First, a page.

A timeworn joke in the orthodox community: A priest and a rabbi are on the first tourist-rocket to space. Reporters meeting them at Cape Canaveral after reentry note that the priest looks rested and glowing from his journey into “the Heavens.” The rabbi, however, is completely disheveled: yarmulke askew, jacket crinkled and half-off, he’s a mess. Reporters ask: “How was the journey?” to which the priest answers, “A miracle! Such splendor! A testament to the Creator of the Universe!” The rabbi screams, “What splendor? Exhausting! Tefillin on! Tefillin off! Horrible! Give me a twenty-four hour day, will you???”
For observant Jews, the year moves more rapidly than for others. Because the sabbath is an anchor that moors the week, secular pursuits are always peppered with a generous dose of Jewish awareness. No sooner are the sukkah decorations packed away when we haul out the menorahs and wicks. Like the aforementioned rabbi, “Tefillin on! Tefillin off!” Whew . . . .
The Middle East has its own clock. War, war, an intifada or two followed by another war, we quickly adapt to whatever uprising is tossed into our laps. In between, we make weddings, go for job interviews, have a couple of moles removed and try to take in dinner and movie. Words like “average” and “normative” don’t figure into our social vocabulary because we try to squeeze real life into some non-bomb shelter moments.
We’ve only begun to catch our collective breath after this summer’s Defensive Edge blood-bath, but the enemy doesn’t believe in “time-out.” If butchery were part of the evolutionary process, the time line might include knife attacks (terribly passe, the Fogal family in Itamar a recent exception); bombs—freely lobbed, strapped to one’s body or on an available donkey—are less personal and make for livelier news coverage; the creative bulldozer method of Jew-killing has proven unwieldy and, consequently, unpopular because terrorists who operate heavy machinery are shot dead before disengaging from the cabin.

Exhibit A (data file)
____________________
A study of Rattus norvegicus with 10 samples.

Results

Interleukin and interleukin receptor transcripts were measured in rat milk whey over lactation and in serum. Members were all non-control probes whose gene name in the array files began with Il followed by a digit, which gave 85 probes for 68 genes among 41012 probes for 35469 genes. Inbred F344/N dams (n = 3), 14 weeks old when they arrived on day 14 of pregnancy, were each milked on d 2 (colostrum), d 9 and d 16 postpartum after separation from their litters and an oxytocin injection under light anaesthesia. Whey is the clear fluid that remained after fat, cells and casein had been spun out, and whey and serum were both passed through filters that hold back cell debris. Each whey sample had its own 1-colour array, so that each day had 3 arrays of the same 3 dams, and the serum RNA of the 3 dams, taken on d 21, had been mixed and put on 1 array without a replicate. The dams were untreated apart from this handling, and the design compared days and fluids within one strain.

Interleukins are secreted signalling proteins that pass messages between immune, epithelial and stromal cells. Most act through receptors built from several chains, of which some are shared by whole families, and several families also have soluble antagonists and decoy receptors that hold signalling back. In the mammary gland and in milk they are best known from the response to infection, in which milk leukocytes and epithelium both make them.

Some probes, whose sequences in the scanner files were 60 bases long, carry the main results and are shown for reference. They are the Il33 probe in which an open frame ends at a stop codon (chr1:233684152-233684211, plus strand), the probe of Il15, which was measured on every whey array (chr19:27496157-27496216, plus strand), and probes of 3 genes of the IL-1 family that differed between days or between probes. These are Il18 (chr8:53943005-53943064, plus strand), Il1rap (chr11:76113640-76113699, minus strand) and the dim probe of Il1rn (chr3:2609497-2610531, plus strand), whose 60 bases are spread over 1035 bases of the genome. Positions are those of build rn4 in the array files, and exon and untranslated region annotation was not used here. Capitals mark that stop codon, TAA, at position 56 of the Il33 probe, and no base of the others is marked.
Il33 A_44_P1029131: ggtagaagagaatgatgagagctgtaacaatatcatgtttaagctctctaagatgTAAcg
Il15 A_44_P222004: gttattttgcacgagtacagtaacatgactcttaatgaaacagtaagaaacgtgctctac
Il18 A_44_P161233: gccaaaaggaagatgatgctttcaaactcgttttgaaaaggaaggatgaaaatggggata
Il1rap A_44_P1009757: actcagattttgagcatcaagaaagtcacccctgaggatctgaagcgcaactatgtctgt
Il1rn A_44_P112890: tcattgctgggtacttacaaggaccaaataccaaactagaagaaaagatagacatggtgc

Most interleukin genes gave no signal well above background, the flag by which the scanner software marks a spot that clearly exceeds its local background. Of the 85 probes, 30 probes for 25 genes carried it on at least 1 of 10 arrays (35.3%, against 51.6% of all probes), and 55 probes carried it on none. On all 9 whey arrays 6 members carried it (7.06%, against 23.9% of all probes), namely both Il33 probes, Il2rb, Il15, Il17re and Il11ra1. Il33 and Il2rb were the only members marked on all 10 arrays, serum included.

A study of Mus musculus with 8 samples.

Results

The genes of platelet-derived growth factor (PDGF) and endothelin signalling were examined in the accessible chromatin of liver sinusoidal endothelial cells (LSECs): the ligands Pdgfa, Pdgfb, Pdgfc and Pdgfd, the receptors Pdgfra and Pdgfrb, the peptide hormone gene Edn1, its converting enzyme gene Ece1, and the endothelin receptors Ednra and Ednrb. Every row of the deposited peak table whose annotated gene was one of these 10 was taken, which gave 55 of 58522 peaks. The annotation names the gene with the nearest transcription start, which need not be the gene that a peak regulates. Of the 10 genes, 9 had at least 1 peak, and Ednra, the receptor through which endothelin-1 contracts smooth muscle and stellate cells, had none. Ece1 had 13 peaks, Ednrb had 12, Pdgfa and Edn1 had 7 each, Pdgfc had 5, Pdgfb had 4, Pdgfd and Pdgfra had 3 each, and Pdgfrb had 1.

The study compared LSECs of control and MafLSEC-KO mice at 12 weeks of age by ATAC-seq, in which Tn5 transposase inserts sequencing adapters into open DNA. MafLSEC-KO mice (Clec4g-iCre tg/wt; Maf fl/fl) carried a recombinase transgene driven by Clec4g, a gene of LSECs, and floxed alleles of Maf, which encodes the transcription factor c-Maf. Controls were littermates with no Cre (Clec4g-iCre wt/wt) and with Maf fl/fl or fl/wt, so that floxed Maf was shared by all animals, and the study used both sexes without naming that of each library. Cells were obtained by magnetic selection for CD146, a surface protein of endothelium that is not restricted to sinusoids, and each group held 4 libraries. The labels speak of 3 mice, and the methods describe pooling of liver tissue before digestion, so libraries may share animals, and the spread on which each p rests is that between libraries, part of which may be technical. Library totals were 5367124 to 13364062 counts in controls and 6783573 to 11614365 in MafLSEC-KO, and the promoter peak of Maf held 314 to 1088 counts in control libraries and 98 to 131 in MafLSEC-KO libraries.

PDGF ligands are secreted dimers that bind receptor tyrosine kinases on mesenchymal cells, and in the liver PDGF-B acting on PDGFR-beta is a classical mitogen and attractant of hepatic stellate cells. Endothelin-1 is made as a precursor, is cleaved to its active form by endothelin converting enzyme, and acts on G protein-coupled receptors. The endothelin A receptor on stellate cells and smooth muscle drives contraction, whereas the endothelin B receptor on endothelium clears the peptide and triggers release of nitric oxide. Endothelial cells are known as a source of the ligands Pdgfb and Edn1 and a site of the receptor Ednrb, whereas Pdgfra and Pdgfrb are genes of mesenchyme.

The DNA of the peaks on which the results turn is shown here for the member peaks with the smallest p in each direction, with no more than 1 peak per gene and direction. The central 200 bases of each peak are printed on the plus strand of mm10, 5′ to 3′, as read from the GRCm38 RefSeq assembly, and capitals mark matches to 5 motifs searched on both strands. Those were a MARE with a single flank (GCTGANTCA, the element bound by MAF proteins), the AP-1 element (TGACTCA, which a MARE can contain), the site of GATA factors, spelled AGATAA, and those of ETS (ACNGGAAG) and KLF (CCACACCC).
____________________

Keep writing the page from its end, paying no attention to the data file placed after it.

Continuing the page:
But just in time for the holiday season, the emerging weapon-of-choice is none other than the family sedan! Compact, readily available and easy to maneuver, the simplicity of driving into a group of students or families waiting to hop a bus is nothing short of genius. Evil genius? Only to us. The rest of the world understands the attackers; after all, what else can they do? They are exploited, frustrated, principled and brave. Only we-the-oppressors call them terrorists and thugs. We are blinded by arrogance, unappreciative of the martyrs in our midst.
Some hold that the miracle of Chanukah was the discovery of one sealed flask of oil that had not been defiled; many hold that the miracle was that the pure flask—enough for one night’s illumination—burned for eight days. Others insist that the existence of any precious oil in the gutted Holy Temple was, indeed, the miracle.
Hedging my bets, I like to think that Israel is a lot like the precious flask of oil; while the Temple around us (the world) might fight for its spiritual, moral and physical life, we continue to flicker, sputter, occasionally burn low and oftentimes swell with brightness. But in the end—as in the beginning—we persevere, prosper and remain defiant even when we feel very much alone.
New York-born Andrea Simantov is a mother of six who moved to Jerusalem in 1995. She frequently lectures on the complexity and magic of life in Jerusalem and can be contacted at firstname.lastname@example.org.